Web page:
Everyone has the right to an opinion about your work. After all, they’ve paid a pretty price for the privilege.
What gives me the right to criticise a movie, a book, a work of art, a snatch of music? Perhaps the word “criticise” is too severe, the pedant’s equivalent of a cane whistling down on a schoolchild’s tremulous bottom. Let’s go with the more even-minded “opine.” What gives me the right to offer an opinion about something that someone else has written, filmed, composed? And when you read my opinion in the form of an essay – in this paper, or on my blog – what gives you the right to weigh in, to declare that I am right or wrong, to wonder politely what I was smoking when I wrote what I wrote, or to snicker with unconcealed derision, in language that would never see the inside of a parliament? And what about those others who chime in with their thoughts on your thoughts? How did they earn this privilege? And what of the commenters who will follow them, as they inevitably will in a familiar, inexhaustible and eventually wearying cycle?
Like Harry Potter, we carry around in our computers our own cloaks of invisibility, which allow us to stalk the virtual world without fear of detection, and emboldened with this magic, we transform into the kind of incontinent opinion-mongers we could never be in the physical present. And in these electron-enabled times, where our orbits of interaction spiral into an unfathomable infinity, we are at once everywhere. (Harry Potter would call it Apparating.) We can read everything, see everything, hear everything, in any corner of the world, and offer, from our well-rested nooks, a pointed opinion on a column in The Huffington Post, or rip into a cross-continental forum where cinephiles are discussing the latest Almodóvar. The unsolicited opinion is what unites our socially networked human race – only the tone of this opinion separates the civilised from the savage. The opinion sometimes takes the form of carefully considered thought, as if the cautious commenter were still chewing the end of his pencil. Or the opinion can be a visceral vomit, a heedless emptying of emotion.
Hence the sensitive creator’s lament that after all his time and effort and money – on say, a movie – the verdict freezes into a cold statistic on the Tomatometer, that jumbled soup of wide-reaching and often-unsubstantiated opinions. It is easy to sympathise with him as he rages, “What gives you the right?” But the answer is equally easy. We have the right because we have given our time, which is as precious as money, and as much a commodity. Andrew Niccol’s In Time, despite its deep imperfections, is an astonishingly accurate mirror of our harried times – because it fashions a tangible reality from the abstract idea that time is money. The film literalises what mankind has known all along, but seeing it on screen makes the heart stop. The people in the movie have a physical clock on their arms, which they keep checking like a wristwatch. They live in an unspecified future where time is money – they pay for purchases with units of time they have left on their hands, in their lives. But this is what we already do in the present.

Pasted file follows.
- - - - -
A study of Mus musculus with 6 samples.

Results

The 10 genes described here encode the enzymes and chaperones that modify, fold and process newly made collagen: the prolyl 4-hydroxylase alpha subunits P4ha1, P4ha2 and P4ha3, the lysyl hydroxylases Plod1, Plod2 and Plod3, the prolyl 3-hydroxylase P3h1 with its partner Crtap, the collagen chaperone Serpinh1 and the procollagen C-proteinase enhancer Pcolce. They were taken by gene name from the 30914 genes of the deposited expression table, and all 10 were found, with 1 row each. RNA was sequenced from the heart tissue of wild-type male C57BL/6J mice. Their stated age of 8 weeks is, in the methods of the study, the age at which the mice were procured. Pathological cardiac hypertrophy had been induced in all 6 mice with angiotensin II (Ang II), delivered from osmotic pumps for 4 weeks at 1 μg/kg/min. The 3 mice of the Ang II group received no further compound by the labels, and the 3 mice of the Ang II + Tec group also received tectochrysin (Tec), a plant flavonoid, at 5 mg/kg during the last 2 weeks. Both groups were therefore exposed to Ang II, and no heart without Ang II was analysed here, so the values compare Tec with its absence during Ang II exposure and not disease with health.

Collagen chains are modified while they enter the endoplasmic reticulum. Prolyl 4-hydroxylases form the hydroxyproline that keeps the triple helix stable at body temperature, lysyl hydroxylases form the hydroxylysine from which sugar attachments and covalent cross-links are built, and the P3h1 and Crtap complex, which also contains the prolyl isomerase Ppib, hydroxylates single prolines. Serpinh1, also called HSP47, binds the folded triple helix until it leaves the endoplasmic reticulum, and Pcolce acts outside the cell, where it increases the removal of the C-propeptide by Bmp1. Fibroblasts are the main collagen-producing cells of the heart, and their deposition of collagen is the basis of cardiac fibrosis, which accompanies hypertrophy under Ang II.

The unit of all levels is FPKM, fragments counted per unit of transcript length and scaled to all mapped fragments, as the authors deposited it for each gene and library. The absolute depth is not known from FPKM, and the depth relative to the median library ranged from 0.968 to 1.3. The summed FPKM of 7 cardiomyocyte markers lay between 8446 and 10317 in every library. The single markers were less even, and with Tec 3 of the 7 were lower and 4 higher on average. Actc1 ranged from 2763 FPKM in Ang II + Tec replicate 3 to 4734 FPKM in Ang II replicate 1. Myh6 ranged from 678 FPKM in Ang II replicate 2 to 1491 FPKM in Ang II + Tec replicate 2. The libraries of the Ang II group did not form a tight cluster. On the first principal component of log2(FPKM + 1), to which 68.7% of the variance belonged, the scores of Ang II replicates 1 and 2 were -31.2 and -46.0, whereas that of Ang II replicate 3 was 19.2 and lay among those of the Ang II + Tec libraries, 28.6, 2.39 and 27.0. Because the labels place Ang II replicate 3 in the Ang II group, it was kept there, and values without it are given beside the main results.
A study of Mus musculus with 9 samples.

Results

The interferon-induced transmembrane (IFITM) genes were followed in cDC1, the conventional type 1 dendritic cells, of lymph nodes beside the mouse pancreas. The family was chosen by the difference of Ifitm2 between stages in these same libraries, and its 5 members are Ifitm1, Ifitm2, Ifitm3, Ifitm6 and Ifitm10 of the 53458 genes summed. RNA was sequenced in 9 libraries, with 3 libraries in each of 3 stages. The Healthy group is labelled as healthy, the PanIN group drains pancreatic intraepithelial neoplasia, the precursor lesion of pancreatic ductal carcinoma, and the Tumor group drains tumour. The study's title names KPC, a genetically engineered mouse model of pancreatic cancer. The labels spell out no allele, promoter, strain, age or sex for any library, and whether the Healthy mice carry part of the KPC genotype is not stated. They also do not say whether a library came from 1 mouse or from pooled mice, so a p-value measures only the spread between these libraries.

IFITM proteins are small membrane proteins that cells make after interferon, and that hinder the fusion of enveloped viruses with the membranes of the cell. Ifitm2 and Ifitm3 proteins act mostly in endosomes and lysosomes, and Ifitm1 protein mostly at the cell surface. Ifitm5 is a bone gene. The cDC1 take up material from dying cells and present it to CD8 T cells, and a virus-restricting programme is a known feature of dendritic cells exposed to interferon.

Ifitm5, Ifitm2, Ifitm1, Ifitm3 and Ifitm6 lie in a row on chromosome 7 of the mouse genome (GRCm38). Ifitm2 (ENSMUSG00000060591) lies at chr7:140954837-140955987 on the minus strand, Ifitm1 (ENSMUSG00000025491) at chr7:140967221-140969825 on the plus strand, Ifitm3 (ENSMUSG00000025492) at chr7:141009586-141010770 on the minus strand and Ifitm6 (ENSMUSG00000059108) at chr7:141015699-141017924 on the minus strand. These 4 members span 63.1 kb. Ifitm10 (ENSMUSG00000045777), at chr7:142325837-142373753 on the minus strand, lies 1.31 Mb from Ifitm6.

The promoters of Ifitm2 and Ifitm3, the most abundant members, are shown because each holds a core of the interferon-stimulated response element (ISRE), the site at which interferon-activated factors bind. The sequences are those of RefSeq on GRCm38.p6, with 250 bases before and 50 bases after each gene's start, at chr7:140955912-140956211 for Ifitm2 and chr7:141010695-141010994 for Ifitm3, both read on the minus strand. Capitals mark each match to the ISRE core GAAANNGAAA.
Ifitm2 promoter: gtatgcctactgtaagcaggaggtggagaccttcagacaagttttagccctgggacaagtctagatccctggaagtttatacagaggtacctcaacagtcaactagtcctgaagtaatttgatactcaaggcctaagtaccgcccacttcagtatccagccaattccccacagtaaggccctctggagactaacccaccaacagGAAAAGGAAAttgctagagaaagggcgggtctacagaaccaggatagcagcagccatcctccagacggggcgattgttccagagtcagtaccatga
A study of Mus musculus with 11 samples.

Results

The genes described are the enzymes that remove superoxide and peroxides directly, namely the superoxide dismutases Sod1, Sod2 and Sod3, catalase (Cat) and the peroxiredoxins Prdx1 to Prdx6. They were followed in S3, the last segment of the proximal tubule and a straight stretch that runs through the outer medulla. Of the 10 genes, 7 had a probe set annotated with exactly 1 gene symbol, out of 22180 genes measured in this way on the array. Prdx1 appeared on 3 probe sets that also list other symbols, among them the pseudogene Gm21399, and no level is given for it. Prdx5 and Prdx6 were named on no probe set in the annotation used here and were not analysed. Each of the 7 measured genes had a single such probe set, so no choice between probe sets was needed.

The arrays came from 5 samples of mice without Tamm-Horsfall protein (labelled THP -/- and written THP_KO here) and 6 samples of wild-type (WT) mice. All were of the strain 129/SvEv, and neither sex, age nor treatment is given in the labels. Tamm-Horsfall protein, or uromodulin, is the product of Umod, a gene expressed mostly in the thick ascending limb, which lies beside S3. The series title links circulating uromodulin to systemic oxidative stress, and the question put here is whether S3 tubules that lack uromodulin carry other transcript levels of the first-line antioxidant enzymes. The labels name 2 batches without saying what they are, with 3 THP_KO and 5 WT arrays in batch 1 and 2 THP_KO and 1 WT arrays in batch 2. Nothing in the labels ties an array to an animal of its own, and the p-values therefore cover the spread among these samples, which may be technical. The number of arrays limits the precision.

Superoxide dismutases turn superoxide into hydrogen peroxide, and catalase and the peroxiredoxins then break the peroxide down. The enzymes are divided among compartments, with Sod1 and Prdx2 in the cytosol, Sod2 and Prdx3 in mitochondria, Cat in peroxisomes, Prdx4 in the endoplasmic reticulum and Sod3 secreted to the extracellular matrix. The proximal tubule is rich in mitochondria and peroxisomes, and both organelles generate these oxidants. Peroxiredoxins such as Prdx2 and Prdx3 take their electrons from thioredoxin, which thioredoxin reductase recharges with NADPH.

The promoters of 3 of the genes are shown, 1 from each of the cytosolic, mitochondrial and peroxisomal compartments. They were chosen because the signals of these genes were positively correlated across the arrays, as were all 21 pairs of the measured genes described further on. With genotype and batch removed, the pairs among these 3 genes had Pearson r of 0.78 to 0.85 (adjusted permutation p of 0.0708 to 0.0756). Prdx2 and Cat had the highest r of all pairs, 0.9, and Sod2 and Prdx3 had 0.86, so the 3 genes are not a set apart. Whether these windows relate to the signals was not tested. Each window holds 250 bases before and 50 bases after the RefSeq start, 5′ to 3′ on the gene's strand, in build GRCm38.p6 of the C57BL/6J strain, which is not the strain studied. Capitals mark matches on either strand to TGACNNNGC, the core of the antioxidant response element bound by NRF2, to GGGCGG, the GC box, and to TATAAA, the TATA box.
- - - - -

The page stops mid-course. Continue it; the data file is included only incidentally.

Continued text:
We all have, strapped to our selves, a biological clock that’s counting down. And every time we watch someone else’s movie, read someone else’s writing, listen to someone else’s music, we are compensating the creator with the units of our time that we conferred on his creation. This is time we could have spent cleaning our homes, watching sunsets, walking our kids at the park, learning a language, making love, writing poetry, or chasing iris-hued dreams, but we chose to spend it instead on the work of this creator. We have, in other words, paid to undergo what this creator had to offer with hours of our life we can never regain – and that is how we have purchased the right to an opinion. The idea at the core of In Time rattled my consciousness the way few films have, yet I didn’t care much for the movie. That’s my opinion, and I have the right to propagate this opinion because, like the people in the movie who give up their time for amenities and pleasures, I have coughed up a portion of my lifespan to Andrew Niccol. It’s too bad if he wants my hours as well as my huzzahs.
Lights, Camera, Conversation… is a weekly dose of cud-chewing over what Satyajit Ray called Our Films Their Films. An edited version of this piece can be found here.